Has the increase in readily available media been a good thing for American politics? Has the influx of information made it easier to find reliable information, or has it become more difficult?

Quick answer:

The modern increase in media sources is not necessarily a good thing for American politics since each source presents information and issues from a particular position and through the lens of particular presuppositions. Many people automatically gravitate toward sources that match their own views because it takes a great deal of time and effort to sort through and rationally analyze sources.

Expert Answers


Let's think about some of the questions. You will have to express your own opinions about these, of course, but we can reflect on some possibilities to get you started. The increase in media has led to an increase in conflicting reports and in conflicting presentations of political issues according to the presuppositions that lie behind the source (political slant or party, for instance). This can lead to significant confusion as people try to sort out fact from opinion and to dig down to the truth (if any) behind the attempts to sway people toward a particular point of view. American politics and the issues at the forefront of political discussions have thus suffered from a lack of clarity. Just because there is more information available does not mean that the information is organized, reliable, or easy to access.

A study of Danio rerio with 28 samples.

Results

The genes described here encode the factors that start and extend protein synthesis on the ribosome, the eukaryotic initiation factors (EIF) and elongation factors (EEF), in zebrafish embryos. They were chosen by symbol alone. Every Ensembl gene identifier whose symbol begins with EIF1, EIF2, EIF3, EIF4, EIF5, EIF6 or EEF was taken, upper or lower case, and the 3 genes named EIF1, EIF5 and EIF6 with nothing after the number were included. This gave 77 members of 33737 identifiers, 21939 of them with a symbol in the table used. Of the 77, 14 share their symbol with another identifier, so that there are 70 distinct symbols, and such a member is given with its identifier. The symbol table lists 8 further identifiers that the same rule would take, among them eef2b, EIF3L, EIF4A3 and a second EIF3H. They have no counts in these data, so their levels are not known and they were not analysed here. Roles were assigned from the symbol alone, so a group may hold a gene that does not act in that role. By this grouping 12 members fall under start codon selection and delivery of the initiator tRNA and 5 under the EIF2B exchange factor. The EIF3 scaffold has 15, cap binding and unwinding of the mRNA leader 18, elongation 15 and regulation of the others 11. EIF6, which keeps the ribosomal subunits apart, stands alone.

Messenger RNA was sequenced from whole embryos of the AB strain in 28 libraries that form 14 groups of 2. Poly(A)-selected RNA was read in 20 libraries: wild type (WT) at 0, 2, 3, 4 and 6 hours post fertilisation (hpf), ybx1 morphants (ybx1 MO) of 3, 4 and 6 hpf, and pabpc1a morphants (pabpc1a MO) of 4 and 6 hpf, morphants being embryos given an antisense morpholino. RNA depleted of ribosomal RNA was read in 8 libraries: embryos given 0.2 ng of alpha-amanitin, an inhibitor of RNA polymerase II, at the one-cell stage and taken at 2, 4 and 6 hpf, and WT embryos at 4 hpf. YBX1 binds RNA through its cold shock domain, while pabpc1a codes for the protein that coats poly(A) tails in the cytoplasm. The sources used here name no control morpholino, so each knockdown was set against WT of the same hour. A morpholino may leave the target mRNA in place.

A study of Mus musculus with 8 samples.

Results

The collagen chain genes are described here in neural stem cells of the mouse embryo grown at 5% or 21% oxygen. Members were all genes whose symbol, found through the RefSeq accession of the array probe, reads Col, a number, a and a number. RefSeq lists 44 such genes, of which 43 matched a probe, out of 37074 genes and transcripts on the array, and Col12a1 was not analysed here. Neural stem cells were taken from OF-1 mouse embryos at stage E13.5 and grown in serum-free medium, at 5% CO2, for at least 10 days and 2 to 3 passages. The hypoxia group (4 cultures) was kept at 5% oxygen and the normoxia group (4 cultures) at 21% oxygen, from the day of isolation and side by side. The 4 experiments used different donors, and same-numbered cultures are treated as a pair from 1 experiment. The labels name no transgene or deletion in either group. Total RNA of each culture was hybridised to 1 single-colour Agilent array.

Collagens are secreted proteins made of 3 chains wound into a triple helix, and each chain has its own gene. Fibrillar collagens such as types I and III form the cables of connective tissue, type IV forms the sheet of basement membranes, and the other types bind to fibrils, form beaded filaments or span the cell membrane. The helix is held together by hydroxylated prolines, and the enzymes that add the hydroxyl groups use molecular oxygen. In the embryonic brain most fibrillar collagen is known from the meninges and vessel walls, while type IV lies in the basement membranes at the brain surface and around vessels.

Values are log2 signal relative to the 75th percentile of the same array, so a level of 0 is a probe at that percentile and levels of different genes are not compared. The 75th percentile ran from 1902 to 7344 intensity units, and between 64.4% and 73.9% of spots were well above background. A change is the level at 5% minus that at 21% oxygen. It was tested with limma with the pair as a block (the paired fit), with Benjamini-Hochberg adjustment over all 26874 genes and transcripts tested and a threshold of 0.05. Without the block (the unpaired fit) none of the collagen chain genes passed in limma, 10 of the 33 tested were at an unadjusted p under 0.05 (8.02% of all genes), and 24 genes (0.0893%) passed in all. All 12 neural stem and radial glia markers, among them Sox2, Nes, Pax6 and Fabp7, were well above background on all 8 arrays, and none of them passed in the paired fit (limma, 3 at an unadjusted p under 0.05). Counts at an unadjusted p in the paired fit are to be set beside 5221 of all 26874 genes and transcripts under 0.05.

Most people tend to gravitate toward media sources that reflect their own political and ideological positions. This has always been the case: in the past, people turned to newspapers that agreed with their own views. Others, however, read many different sources to find a balance of ideas. With the sheer amount of information overwhelming people these days, however, it is much more difficult to find reliable information since it takes a great deal of time to read and analyze the variety of sources, to compare them with each other, to identify their presuppositions, and to make a reasoned decision about truth and falsehood.